Carolina Muñoz Marin
Joseph Smith: The Prophet of the Restoration focuses on some of the events during the life of Joseph Smith, founder of the Latter Day Saint movement, which was both filmed and distributed ... See full summary »
Although in America, Helam witnesses the star heralding the birth of Christ, and 33 years later he faithfully awaits the promised coming of The Messiah despite persecution for this belief. ... See full summary »
The story of the Mormon pioneers from the 1830's to the 1890's. The movie follows the experiences of Eliza Williams from New York to Missouri to Illinois to Utah. Eliza endures sickness, ... See full summary »
John H. Groberg, a middle class kid from Idaho Falls, crosses the Pacific to become a Mormon missionary in the remote and exotic Tongan island kingdom during the 1950's. He leaves behind a loving family and the true love of his life, Jean. Through letters and musings across the miles, John shares his humbling and sometimes hilarious adventures with "the girl back home", and her letters buoy up his spirits in difficult times. John must struggle to overcome language barriers, physical hardship and deep-rooted suspicion to earn the trust and love of the Tongan people he has come to serve. Throughout his adventure-filled three years on the islands, he discovers friends and wisdom in the most unlikely places. John H. Groberg's Tongan odyssey will change his life forever.Written by
Mary Jane Jones
When the film crew arrived on the Island of Rarotonga (capital of the Cook Islands), the Prime Minister welcomed them by gathering all of the religious ministers of the community for a prayer meeting. They prayed that the film crew would be blessed with good weather. See more »
The film starts with a dance at Brigham Young University in 1953. A couple sing the song "Rip it Up". That song was first recorded by Little Richard in 1956. See more »
There is a connection between heaven and earth. Finding that connection gives meaning to everything, including death. Losing that connection makes everything lose meaning, including life.
First off....from a purely story structure point of view....the movie is slow as hell. The story has really no main tension...the main character doesn't really have an arc. it supposedly is a coming-of-age story, but honestly i was so blinded by all the mormon propaganda that the "coming-of-age" part was all but a mute point.
This movie, in a nutshell, is the tale of a Mormon missionary preaching preaching LDS and western values to this indigenous tribe on the small island of Tonga.
I mean you have all the stock "inspirational" stories in this film. There is the alcoholic who abused his wife and daughter.....the estranged girl looking for direction and love......the tribe leader looking for leadership of this own..... The hurricane that destroys a lot of the island....the rebuilding effort....the missionary almost dying....but no no....it was the powerful message of Jesus Christ and the Book of Mormon that pulled him through and, of course, the love of all those poor indigenous people he brainwashed as well.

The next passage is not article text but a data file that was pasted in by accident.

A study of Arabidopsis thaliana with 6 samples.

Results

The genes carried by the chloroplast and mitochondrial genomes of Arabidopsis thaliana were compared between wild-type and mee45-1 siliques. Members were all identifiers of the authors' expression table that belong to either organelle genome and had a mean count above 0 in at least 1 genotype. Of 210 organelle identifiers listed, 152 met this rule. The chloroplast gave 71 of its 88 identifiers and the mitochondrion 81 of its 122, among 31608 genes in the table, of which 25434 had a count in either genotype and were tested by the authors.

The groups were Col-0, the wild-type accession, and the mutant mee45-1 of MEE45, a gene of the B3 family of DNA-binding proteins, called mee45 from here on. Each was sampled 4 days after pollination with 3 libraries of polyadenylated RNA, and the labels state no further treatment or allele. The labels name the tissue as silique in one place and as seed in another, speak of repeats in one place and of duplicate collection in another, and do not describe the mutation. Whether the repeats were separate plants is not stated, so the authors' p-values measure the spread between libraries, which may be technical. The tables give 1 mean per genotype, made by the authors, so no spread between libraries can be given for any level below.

Just to clear up one thing....I have NO problem with people doing and saying and believing what they want to believe.....but I HATE it being pushed on me. I was lead to believe that this was a wholesome family DISNEY film. Nowhere on the box does it say anything remotely about it being a mormon movie, or that a mormon is even in it. That is deceptive advertising at its slimiest. I mean I can respect a film like "Left Behind" a lot more, because at least it was honest about what it was...and of course wasn't distributed by a "non-biased" major hollywood studio like Disney.
So after watching it, my friends and I discovered online that one of the production companies involved in the film is a hugely funded Mormon production company. And again there is nothing wrong with that, but a.) Don't be deceitful about it and b.) why the hell did Disney pick it up for distribution in the first place? I mean what if a jewish or islamic, or any non-mormon or non-christian couple picked up the movie thinking it was good for their kids to see because it was a disney family film? What is this film saying about Disney and their values? That being deceitful and brainwashing people is a good way to get others to believe the same way you do.
If none of you believe me....rent the video.